Existing online audio services offer some of what DAR.fm already does. Free services like Pandora replace the traditional experience of listening to radio stations for music. And they're better, since you get music more in tune to your tastes. If you want to listen to specific songs or just one artist, there are subscription services such as Rhapsody. Talk show listeners can get their tracks whenever they want via a podcast service, like iTunes.
So where does DAR.fm fit? Oh, and did I mention that since it picks up audio from radio stations, its audio quality is noticeably lower than other services ("sounds more like DAR.am," as elliotloh Tweeted)? Robertson is threading the needle with this business, but he does have a niche. First of all, it's free, and it gives you some of what you can only get when you pay for a service like Rhapsody: If you record your favorite radio station for a few hours, you can see all the songs played during that time and skip around to them by name, which you can't do for free with another service.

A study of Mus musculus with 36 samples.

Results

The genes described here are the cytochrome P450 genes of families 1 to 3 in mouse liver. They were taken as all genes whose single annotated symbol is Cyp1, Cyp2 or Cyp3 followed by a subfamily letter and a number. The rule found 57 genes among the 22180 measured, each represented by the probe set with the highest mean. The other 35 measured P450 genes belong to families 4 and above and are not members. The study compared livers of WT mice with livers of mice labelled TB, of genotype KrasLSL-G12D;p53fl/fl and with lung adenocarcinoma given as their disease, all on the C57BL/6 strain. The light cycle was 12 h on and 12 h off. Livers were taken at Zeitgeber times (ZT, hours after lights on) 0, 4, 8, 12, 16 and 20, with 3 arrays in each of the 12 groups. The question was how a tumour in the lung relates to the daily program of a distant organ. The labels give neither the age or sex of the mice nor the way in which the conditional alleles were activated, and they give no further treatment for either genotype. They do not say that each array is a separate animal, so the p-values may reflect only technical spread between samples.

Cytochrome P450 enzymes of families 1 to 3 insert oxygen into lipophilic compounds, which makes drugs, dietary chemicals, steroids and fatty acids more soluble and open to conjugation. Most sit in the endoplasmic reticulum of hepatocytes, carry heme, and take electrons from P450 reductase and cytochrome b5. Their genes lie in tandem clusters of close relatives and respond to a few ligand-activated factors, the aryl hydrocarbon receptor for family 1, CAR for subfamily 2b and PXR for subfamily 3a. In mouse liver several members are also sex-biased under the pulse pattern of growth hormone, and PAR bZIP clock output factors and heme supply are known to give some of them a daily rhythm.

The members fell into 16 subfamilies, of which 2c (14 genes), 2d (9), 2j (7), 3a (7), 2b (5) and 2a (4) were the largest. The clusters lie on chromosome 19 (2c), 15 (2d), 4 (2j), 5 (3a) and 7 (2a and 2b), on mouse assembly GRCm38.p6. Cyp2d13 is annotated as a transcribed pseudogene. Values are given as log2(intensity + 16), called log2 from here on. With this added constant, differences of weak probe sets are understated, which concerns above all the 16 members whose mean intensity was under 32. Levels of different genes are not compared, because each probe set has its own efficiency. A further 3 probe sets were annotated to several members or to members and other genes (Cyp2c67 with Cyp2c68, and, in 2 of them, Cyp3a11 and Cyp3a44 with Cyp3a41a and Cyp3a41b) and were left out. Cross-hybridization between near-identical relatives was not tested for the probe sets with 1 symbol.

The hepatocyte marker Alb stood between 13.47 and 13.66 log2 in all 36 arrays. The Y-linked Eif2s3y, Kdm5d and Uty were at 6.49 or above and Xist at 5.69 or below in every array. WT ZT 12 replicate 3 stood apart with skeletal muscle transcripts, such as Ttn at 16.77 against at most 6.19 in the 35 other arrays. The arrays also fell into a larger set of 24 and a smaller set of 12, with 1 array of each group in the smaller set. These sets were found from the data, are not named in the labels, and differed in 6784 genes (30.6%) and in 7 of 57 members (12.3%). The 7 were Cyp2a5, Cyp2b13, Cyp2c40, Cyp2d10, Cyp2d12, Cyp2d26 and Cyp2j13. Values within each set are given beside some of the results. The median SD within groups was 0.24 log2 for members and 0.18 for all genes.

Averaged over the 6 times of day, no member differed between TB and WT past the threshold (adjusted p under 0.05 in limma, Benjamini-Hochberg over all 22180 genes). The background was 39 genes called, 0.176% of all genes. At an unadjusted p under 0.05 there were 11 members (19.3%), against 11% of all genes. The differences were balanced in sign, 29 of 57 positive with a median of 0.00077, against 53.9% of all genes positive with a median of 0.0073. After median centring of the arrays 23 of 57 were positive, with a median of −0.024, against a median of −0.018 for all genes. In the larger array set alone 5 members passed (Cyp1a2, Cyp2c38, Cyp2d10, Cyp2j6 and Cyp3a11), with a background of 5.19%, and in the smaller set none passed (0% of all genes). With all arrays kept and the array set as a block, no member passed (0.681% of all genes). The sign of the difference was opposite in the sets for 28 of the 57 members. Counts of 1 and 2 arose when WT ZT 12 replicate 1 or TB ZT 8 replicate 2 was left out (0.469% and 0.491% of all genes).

Second, it's legal, or so Robertson believes--and he does have experience battling the music industry in court. The radio stations can't compete thanks to copyright laws, and the legality of letting users record what they hear, even to a cloud service, has precedent.
Robertson also is getting his service baked into, or least working on, other products besides the browser: There are smartphone apps, plus it works on Roku, Squeezebox, and on some $150 Internet radios you can get at Best Buy, he says.
For me, the poor audio quality of DAR.fm is a stopper. For younger users, I'm not convinced that they hew to radio stations the way I did in my youth, which I think is another problem. But there may be a big enough user base who likes the new features DAR.fm offers to give it some wings. It does make saving radio shows easier than almost any other service.